Prior Week Summary
Fans of American history may recall that exactly 56 years ago today the first televised U.S. Presidential debate, between Kennedy and Nixon, took place in downtown Chicago. As the market works through the potential implications of the recent announcements from the Bank of Japan and the FOMC last week, it is likely that domestic markets will begin to focus more heavily on the outcome of the upcoming U.S. Presidential election, beginning with tonight’s debates, for clues on longer term market direction.
The Fed has, once again, used its forward guidance to set the stage for the next rate hike, while simultaneously lowering its longer run projection for Fed Funds. The FOMC’s latest summary of economic projections walked the committee’s median expectation for the Fed Funds rate at the end of 2017 and 2018 lower by 50 basis points, while lowering their longer run expectation for the terminal Fed Funds rate below 3%.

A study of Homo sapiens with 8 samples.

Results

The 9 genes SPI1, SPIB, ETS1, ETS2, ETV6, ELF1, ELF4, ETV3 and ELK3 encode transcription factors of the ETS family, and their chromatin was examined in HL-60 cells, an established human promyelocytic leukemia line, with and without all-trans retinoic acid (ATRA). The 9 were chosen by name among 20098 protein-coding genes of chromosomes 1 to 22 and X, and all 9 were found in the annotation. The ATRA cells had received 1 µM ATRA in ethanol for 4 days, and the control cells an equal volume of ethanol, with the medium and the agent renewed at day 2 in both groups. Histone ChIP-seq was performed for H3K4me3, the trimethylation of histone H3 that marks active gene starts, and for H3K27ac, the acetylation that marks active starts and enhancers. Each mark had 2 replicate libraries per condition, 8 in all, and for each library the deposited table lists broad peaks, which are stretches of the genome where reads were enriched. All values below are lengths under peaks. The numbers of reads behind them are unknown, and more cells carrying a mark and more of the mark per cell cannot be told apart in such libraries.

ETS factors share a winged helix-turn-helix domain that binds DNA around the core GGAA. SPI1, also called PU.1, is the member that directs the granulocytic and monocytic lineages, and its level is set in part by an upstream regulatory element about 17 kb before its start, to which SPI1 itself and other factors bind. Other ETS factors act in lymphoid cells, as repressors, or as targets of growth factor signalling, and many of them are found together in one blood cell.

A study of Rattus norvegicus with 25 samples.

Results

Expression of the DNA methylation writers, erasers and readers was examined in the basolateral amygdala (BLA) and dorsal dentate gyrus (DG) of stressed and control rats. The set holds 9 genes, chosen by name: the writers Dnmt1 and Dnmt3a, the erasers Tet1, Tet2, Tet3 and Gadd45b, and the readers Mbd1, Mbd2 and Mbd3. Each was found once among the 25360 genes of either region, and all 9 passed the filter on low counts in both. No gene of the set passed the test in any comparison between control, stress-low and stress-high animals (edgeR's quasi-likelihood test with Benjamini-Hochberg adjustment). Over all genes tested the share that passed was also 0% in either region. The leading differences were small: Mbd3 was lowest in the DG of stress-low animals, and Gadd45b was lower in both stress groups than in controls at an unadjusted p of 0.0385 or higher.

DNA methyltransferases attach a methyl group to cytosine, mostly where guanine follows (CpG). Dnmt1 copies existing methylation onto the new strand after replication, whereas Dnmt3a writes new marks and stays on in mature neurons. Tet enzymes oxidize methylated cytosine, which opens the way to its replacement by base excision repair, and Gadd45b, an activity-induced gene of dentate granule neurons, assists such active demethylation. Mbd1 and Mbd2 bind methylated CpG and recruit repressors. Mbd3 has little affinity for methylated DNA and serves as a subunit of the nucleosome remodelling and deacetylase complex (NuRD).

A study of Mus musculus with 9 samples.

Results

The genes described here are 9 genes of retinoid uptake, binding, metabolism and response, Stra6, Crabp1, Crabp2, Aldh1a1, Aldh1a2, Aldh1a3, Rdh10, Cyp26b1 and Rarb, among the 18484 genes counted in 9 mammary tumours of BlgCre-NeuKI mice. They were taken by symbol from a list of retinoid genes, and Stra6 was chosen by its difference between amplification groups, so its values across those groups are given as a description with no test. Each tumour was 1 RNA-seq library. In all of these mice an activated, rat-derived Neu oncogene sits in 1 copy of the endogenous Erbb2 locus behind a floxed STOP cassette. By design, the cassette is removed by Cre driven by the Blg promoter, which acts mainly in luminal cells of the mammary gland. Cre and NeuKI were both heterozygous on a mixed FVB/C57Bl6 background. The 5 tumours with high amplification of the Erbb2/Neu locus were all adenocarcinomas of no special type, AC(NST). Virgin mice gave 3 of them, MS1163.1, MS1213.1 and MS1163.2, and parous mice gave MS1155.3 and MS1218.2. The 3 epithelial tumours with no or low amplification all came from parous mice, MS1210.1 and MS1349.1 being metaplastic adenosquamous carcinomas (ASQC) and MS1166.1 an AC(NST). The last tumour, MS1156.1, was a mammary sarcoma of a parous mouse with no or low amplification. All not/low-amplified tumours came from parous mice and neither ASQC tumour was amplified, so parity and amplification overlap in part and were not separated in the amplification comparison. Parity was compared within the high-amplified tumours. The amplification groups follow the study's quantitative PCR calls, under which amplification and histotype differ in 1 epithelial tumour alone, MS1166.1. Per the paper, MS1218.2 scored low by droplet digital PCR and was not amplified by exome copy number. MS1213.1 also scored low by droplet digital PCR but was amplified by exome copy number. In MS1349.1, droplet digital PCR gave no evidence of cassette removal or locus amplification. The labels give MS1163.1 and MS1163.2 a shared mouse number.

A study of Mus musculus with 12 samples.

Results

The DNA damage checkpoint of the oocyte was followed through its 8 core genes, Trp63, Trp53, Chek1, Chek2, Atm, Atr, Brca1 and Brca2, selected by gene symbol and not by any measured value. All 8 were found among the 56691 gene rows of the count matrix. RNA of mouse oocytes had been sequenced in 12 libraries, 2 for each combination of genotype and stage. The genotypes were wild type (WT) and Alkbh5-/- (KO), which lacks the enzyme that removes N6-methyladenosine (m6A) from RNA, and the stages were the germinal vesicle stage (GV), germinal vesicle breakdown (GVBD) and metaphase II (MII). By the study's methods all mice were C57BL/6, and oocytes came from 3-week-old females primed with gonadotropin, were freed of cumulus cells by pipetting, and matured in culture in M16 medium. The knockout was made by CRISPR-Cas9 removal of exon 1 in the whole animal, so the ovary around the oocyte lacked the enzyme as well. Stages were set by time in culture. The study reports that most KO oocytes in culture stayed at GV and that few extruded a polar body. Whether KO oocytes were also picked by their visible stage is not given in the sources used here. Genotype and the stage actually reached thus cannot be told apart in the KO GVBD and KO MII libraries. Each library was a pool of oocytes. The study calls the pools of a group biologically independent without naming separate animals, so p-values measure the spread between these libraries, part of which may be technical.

The committee judged that “the case for an increase in the federal funds rate has strengthened but decided, for the time being, to wait for further evidence of continued progress toward its objectives.” Notably, three members of the committee dissented from the majority, causing this vote to carry the largest split since December 2014. It was also noteworthy that the “dot plot” suggests that one of the committee members expects the current level of Fed Funds to persist for the next 3-years.
In similar fashion, the Bank of Japan took their quantitative easing program to new heights by implementing a “yield curve control” initiative designed to steepen the government bond yield curve. As of this writing, the announcement has had the opposite impact as the Japanese yield curve has flattened further.
The Look Forward
In addition to reading the tea leaves of the first U.S. Presidential debate tonight, the market will be busy with an active data calendar as well. Updated information is expected on the housing market, PCE inflation, and the manufacturing sector in addition to a full dance card of Fed speakers throughout the week.